Last night I watched the Slvester Stallone documentary. If you don’t know who he is – as if you wouldn’t, (you’d have to be living under a rock) he was the writer and star of the film Rocky, the film about a nobody a New York bum who wanted to be “a somebody” (On The Waterfront ”) and who ultimately wanted to be worthy of the love he aches to feel inside himself.
In this respect, Rocky is a gloriously happy film. Rocky not only fulfills his boxing dreams but he finds love and fulfillment with his girlfriend. It is both a story about love and following your dreams.
As somebody who has immersed myself in the study of writing, the story of the film script ‘Rocky’ being an immediate box office winner is not new one. Every young would-be-writer is told the story.
What I didn’t know however, was that after writing the film for himself to star in every director and producer attempted to pay for him not to be in the film.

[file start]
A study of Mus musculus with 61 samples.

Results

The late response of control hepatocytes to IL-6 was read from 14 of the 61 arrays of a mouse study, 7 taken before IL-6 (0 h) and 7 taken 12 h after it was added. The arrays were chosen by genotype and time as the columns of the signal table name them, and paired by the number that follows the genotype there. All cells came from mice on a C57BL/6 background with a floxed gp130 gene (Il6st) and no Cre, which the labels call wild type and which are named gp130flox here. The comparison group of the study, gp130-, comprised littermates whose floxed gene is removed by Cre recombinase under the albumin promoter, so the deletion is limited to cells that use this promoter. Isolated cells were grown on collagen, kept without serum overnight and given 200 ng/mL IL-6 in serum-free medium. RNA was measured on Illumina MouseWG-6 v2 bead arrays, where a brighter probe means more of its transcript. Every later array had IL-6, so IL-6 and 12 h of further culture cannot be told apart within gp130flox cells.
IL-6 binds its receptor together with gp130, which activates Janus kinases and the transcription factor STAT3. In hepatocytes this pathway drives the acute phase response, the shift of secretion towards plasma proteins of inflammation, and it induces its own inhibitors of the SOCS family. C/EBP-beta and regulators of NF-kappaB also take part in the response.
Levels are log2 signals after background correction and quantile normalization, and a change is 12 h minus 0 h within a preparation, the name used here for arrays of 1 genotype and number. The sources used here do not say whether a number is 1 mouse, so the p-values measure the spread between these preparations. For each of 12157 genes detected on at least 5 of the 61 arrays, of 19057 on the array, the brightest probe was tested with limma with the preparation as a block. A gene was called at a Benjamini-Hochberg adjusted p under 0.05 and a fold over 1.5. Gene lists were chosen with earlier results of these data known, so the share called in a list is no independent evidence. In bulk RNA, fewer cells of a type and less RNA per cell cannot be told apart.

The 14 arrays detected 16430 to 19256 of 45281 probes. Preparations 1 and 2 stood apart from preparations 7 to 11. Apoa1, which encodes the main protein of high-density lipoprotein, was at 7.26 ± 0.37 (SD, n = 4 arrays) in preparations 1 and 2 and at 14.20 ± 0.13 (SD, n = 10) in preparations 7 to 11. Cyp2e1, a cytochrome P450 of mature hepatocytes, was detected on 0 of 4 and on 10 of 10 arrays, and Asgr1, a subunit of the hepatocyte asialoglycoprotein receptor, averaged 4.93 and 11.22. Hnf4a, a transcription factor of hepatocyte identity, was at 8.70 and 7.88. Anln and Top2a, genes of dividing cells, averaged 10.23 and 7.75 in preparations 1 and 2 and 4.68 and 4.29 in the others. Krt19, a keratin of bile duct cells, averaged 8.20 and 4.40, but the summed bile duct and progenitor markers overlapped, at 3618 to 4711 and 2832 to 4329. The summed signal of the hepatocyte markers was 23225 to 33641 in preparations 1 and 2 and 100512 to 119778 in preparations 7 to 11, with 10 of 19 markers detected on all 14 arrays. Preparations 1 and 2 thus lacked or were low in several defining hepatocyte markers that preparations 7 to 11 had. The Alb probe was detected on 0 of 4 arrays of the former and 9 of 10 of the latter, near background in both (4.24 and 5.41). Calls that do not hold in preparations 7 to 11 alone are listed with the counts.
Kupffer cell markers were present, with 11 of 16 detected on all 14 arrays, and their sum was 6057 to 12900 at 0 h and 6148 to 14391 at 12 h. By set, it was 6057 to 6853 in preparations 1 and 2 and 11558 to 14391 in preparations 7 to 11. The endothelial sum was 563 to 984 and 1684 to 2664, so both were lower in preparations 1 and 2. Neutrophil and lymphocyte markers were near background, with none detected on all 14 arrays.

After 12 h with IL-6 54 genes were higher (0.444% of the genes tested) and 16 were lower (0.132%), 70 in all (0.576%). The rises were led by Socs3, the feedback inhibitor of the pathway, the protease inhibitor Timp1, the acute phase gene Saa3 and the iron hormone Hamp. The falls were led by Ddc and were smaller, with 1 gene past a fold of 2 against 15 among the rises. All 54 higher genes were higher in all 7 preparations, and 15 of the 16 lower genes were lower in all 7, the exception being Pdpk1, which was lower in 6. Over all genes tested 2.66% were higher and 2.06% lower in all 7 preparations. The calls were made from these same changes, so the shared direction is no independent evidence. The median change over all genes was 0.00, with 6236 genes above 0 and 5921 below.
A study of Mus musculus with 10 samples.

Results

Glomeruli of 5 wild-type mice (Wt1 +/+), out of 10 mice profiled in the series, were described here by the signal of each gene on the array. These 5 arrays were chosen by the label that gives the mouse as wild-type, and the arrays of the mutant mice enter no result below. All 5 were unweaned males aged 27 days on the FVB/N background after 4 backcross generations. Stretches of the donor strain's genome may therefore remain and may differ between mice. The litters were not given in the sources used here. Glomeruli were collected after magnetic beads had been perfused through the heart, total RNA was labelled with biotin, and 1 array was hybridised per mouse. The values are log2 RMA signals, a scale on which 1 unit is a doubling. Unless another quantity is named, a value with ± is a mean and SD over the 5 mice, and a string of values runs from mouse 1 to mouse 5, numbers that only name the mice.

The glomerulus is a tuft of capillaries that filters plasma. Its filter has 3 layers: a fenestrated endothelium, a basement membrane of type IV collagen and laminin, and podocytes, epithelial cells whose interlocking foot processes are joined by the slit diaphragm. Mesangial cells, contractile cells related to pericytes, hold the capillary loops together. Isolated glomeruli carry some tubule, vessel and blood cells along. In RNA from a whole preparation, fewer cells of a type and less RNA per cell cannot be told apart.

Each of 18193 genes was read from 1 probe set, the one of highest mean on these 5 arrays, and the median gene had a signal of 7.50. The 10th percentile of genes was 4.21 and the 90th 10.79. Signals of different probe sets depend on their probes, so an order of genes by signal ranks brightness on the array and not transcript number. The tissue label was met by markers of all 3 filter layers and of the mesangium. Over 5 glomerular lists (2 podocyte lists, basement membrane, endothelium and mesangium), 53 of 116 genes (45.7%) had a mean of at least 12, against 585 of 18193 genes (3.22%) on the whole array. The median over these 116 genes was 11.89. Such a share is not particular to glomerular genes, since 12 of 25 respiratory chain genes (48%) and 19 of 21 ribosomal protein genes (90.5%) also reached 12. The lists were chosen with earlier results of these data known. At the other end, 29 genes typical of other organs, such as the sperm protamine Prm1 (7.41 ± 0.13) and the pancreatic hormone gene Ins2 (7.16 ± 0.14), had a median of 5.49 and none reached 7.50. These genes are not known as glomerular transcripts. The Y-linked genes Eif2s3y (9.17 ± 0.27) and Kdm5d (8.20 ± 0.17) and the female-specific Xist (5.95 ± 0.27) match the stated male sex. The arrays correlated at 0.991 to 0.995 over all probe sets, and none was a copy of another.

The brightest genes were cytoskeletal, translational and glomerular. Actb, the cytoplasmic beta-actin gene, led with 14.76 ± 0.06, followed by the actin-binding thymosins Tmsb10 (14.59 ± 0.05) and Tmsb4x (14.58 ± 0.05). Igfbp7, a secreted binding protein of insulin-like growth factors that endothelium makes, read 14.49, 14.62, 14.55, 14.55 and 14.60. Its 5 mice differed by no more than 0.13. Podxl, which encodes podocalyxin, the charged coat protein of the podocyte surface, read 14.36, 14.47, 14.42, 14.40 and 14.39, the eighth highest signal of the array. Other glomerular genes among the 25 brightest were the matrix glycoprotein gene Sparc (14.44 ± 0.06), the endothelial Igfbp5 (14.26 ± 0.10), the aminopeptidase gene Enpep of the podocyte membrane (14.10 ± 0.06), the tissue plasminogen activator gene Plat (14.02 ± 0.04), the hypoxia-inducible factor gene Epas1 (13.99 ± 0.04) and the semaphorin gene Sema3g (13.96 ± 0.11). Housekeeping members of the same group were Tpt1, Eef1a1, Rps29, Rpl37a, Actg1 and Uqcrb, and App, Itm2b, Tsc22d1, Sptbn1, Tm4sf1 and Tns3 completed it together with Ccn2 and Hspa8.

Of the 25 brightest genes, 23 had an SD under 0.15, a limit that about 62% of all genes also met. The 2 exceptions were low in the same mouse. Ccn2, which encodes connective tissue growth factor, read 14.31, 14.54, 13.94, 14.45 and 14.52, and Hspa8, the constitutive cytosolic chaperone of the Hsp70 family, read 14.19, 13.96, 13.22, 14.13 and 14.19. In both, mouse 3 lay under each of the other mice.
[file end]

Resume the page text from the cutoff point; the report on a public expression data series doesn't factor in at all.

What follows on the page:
He was offered a fortune to sell his film. Nobody wanted this unknown actor to potentially sabotage the earning potential of the film. Everybody wants a sure thing. And nobody believed in Sylvester Stallone.
Apart from Sylvester Stallone.
And he didn’t sell his film. This was his dream. His vision.
It’s his heart that beats under the rhythm and dialogue of the authentic dialogue.
It’s the reason he wrote the film in the first place was because nobody was casting him. He knew this was his chance. Nobody was going to give him the chance so he went out against all the odds (like Rocky) and risked failing massively. He could have taken the safe decision, a load of cash and the self respect of selling a film to Hollywood.
But he didn’t. That wasn’t his dream.
Practically 40 years on and I still feel exhilarated fondness for that warm hearted, cheesy track ‘Eye of. the Tiger’. I still listen to it sometimes if I’m flagging on a 10k run. Still remember my sister (the one who danced) choreographing her own tap dance to it in the kitchen.
The song like the film is about fixing your focus on your vision, following your dream to the bitter end, whatever it costs, whatever it takes.
When a tiger is starving and there’s no food in sight…it doesn’t reflect on the difficulties of being a tiger or wondering when its fortune is going to change.
It waits, its senses sharp for opportunity, ready to fulfil its purpose.